TORONTO (AP) — The NHL hopes to have players back in team facilities soon — with plenty of precautions.
The league, which paused its season on March 12 because of the COVID-19 pandemic, released a memo Monday saying it is targeting early next month as the start date for Phase 2 of its return-to-play protocol, including the opening of practice rinks and allowing small, voluntary group workouts on and off the ice.
“It has not yet been determined when precisely Phase 2 will start or how long it may last,” the said read. “We are continuing to monitor developments in each of the club’s markets, and may adjust the overall timing if appropriate, following discussion with all relevant parties.”
The NHL, which has worked closely with the NHL Players’ Association on the phased approach, said that while it views the protocol as “very comprehensive … (it) cannot mitigate all risk.”
“A range of clinical scenarios exist, from very mild to fatal outcome,” the 22-page memo continued. “COVID-19 generally affects older age groups and those with previously existing medical conditions, more so than younger, and otherwise healthy, individuals.
“We recognize that players and personnel have family and household members who may fall into these vulnerable categories.”
If the Phase 2 plan gets the green light, on-ice sessions will be noncontact and involve up to six players, who will be expected to maintain physical distancing at all times. Players will be required to wear masks when entering and exiting facilities, and when not able to physically distance.
“Players are not required to wear face coverings when they are exercising or on the ice,” the memo said.
Teams are not allowed to require a player to return to a club’s home city to complete any necessary quarantine measures before the workouts begin. Coaches and management will be allowed to watch, but not participate in, the informal skates.
The final two phases of the return-to-play protocol — training camps followed by a resumption of game action — were not mentioned in the memo. Phase 1, which continues after a number of extensions, saw players advised to self-quarantine after the novel coronavirus paused most of the sports world some 10 weeks ago.
The NHL/NHLPA Return to Play Committee has been hashing out details of what the game will look like if it’s allowed to return this summer. The union’s executive board approved further negotiations on a 24-team format Friday.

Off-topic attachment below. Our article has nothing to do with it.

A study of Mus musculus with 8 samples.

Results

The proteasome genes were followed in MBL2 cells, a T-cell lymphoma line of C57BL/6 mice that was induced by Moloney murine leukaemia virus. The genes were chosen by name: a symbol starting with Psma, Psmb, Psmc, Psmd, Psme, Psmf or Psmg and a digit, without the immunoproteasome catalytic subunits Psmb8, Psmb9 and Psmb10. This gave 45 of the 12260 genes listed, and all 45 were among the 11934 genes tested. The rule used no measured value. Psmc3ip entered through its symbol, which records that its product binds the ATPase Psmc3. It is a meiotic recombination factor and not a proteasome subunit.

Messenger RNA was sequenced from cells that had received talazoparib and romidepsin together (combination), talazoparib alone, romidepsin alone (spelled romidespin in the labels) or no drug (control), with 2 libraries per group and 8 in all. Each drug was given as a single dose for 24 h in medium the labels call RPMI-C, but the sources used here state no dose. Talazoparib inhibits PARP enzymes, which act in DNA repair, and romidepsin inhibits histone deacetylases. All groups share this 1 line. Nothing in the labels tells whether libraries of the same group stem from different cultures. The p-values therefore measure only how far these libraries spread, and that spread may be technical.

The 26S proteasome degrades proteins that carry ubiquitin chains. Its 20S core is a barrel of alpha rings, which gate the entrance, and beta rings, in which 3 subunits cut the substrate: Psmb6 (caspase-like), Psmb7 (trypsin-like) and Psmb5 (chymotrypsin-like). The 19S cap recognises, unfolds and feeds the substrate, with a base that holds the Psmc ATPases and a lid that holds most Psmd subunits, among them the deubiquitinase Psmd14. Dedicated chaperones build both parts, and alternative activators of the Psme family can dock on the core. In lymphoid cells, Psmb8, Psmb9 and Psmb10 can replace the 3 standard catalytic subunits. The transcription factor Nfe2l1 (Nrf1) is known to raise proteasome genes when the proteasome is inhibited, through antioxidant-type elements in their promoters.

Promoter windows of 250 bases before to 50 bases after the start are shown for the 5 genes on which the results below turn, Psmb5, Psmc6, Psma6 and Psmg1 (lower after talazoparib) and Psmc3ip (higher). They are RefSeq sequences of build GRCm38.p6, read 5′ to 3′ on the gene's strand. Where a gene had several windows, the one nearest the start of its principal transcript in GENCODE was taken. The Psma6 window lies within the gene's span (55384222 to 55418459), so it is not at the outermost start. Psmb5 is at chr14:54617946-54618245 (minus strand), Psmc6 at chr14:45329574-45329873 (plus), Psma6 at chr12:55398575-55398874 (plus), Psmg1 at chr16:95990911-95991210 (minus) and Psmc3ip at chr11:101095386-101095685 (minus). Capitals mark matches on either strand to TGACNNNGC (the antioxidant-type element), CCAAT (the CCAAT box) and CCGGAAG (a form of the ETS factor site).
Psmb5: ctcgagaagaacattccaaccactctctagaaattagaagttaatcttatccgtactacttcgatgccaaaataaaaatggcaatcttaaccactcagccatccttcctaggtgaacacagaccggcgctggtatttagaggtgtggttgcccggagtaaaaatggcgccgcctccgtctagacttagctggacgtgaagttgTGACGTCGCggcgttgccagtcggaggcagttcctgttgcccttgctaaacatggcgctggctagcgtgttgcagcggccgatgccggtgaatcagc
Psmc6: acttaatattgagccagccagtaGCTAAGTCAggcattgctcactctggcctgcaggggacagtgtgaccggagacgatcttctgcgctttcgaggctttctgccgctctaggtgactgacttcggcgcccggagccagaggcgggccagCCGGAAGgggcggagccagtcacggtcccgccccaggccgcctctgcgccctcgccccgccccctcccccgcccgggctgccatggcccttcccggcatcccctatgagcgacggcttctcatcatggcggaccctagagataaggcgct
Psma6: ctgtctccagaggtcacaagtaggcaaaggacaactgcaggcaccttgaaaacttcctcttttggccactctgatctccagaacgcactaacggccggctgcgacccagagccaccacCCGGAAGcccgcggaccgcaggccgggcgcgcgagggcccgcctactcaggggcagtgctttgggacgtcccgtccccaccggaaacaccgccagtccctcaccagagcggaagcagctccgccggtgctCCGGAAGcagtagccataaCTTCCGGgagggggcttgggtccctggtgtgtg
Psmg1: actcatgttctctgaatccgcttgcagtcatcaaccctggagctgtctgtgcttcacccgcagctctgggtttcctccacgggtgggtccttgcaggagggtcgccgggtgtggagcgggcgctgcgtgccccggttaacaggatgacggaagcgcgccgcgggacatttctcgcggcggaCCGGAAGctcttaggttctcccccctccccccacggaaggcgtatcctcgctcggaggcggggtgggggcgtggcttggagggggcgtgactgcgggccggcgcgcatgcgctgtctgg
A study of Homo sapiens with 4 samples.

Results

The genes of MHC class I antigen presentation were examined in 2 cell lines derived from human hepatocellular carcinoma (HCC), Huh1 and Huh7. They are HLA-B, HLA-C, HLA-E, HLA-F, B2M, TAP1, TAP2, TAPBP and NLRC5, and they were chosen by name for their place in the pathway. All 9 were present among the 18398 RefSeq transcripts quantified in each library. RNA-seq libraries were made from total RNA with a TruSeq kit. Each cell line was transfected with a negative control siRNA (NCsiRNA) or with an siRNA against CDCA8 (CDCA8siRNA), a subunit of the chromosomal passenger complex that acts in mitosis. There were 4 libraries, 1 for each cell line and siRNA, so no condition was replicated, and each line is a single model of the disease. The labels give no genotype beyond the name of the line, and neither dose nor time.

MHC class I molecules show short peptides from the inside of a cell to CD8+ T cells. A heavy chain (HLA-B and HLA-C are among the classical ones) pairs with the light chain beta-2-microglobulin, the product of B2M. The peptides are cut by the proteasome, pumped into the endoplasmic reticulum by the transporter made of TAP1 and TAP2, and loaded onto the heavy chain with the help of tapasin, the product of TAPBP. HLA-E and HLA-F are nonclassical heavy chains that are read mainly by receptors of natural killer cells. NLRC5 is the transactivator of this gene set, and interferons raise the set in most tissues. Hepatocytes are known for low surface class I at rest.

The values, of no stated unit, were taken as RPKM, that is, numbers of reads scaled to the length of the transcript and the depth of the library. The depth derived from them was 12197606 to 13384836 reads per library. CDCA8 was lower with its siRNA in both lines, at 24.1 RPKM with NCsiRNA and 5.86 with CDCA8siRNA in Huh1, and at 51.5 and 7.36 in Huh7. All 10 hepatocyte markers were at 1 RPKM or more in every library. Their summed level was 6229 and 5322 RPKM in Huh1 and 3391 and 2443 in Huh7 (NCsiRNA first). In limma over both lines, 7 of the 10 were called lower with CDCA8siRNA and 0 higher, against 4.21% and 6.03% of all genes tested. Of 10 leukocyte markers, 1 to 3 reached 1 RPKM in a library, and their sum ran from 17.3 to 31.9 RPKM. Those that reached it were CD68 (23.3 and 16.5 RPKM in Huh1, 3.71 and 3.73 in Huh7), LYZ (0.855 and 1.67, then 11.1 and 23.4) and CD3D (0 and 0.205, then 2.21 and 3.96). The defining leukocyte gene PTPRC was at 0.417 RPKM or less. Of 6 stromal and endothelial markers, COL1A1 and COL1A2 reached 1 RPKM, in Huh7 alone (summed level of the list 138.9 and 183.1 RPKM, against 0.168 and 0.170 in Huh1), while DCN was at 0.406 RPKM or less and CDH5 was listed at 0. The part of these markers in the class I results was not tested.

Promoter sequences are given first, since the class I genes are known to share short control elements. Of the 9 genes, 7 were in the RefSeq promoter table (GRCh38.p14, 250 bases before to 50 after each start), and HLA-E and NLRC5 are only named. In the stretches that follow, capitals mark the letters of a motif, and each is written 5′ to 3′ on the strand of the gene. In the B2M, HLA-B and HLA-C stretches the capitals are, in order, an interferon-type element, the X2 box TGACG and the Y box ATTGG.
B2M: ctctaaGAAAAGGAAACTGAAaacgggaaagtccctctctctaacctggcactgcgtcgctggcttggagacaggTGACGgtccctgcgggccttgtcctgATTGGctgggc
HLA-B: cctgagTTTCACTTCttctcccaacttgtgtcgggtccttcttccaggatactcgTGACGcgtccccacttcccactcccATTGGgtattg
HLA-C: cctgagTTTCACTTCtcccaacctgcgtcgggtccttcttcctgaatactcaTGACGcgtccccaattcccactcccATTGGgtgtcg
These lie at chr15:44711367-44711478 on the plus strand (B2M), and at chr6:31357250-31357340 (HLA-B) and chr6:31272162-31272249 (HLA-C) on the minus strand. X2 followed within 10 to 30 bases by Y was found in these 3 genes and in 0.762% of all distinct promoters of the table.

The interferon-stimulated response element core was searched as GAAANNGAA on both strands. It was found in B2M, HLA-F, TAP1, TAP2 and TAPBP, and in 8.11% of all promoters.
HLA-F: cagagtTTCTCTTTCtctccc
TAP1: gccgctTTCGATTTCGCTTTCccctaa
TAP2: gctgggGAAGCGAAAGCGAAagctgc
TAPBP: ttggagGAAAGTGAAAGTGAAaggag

The Phase 2 memo made public Monday also states players and staff will be administered COVID-19 nasal swab tests two days before training begins and will be tested twice a week afterward. They must perform daily self-administered temperature and symptom checks at home before heading to their team’s facility.
Clubs must also administer “a separate temperature and symptom check at the entrance of the club facility.”
Players who live in NHL markets other than where they play will be permitted to use local facilities, pending availability, meaning they won’t have to travel back to their team’s home cities for Phase 2.
Most NHL players have not been on the ice since the league halted its schedule, although some, including a number of Swedish players who returned home, have been skating in recent weeks.
The league said any player or staff member who develops COVID-19 symptoms during Phase 2, including cough, shortness of breath, chest pain, fever/chills, muscle pain (not exercise-related), loss of smell or taste, cold-like symptoms or gastrointestinal symptoms, are expected to notify medical officials immediately and self-isolate.
If a COVID-19 test comes back positive, the player/staff member’s team will conduct contract tracing in conjunction with local health regulations.
Apart from laying out the groundwork for Phase 2 and continuing discussions on the 24-team format, plenty of other hurdles remain before the games will be allowed to resume.
Should the NHL return sometime this summer, it’s almost certain teams will be clustered in hub cities across North America — Vancouver, Edmonton, Toronto and Las Vegas are believed to be in the mix — with games being held in empty arenas.
The Stanley Cup has been awarded every year since 1893, save for 1919 because of the Spanish flu outbreak, and 2005 when a lockout led to the cancellation of the entire season.